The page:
Two dark autumns ago, the Arcade Fire made me believe, all over again, in the all-encompassing power of rock and roll. Those were depressingly political times, and the un-political nature of the record offered me an escape. “Funeral” was a triumphant album about loss and renewal, about picking up the pieces in a cold, wintry world; it made me feel that I wasn’t the only one who was strung out and sad and suddenly and pathetically sober.
We demand the most from musicians who are also drug addicts. We expect them to give all of themselves to us, to emote fully, to express their vulnerability through their music in the starkest of terms. All this is true, … Read More
Bill O’Reilly is obsessed with how long it takes a murder victim to die. In his novel – that’s right, his novel – we find out, for example, that “the soft tissue gave way quickly and the steel penetrated the correspondent’s brain stem. Ron Costello was clinically dead in four seconds.” Or, “Lance Worthington couldn’t feel the razor-sharp box-cutter blade slice through his throat…. it was exactly two seconds before he lost consciousness.” Some deaths come even quicker: “A slab of sizzling white hot metal fell directly on his head. Death for Shannon Michaels came one second later.”
In 1968 John Sinclair of the band DC5 wrote that “rock and roll music is a weapon of cultural revolution.” But this overtly political attitude – emblematic of 1960’s music, or at least of the retelling of the story of … Read More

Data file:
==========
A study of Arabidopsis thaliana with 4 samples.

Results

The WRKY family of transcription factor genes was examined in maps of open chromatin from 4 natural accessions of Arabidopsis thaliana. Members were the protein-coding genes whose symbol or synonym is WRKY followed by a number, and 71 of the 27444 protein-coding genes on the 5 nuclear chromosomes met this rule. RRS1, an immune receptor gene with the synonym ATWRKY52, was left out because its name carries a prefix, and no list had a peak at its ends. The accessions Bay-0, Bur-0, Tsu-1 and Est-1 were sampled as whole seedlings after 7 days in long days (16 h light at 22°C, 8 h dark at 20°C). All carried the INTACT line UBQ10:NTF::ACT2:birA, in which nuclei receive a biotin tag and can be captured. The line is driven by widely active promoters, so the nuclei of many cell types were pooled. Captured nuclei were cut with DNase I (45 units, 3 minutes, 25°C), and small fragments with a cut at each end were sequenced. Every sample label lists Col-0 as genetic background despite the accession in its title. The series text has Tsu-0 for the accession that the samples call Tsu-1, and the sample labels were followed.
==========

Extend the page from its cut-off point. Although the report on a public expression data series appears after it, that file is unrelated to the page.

Toward the end of June, as the dog-days of summer fell upon New York City suddenly and definitely, I made a religious pilgrimage to Corona Park, Queens, to see Billy Graham’s supposedly Last Crusade. Riding a crowded 7 train out to Queens I felt a palpable sense of excitement….It was like going to a Mets game, only more diverse.
Dear Readers, Last month, to the consternation of our “reporter” friends upstairs, we inaugurated the Princewatch column. This new feature severely weakened the Daily Princetonian’s morale; we received several outraged emails to that effect. To right their sinking ship, in … Read More
In autumn (or fall, as we sometimes called it) we wore woolen sweaters, checkered corduroy, held hands tightly, snuggled for warmth against brisk north winds; We went apple-picking, fell down laughing on yellowed orange leaves, talked of favorite authors, of … Read More
About ten days ago, the Nassau Weekly’s editor in chief Jacob Savage interviewed (via telephone) Princeton’s most recent wunderkind, Jonathan Safran Foer ’99, author of the critically acclaimed best-seller Everything is Illuminated, and the recently published Extremely Loud and Incredibly Close.
Senior David Brundige has written and directed two hit shows at Princeton, “Bums and Monkeys” (2003), and “PigTails” (2004). He has won awards for his writing, been jetted out to Hollywood to meet with studio executives, and has had many beautiful women beg him for roles in his future films.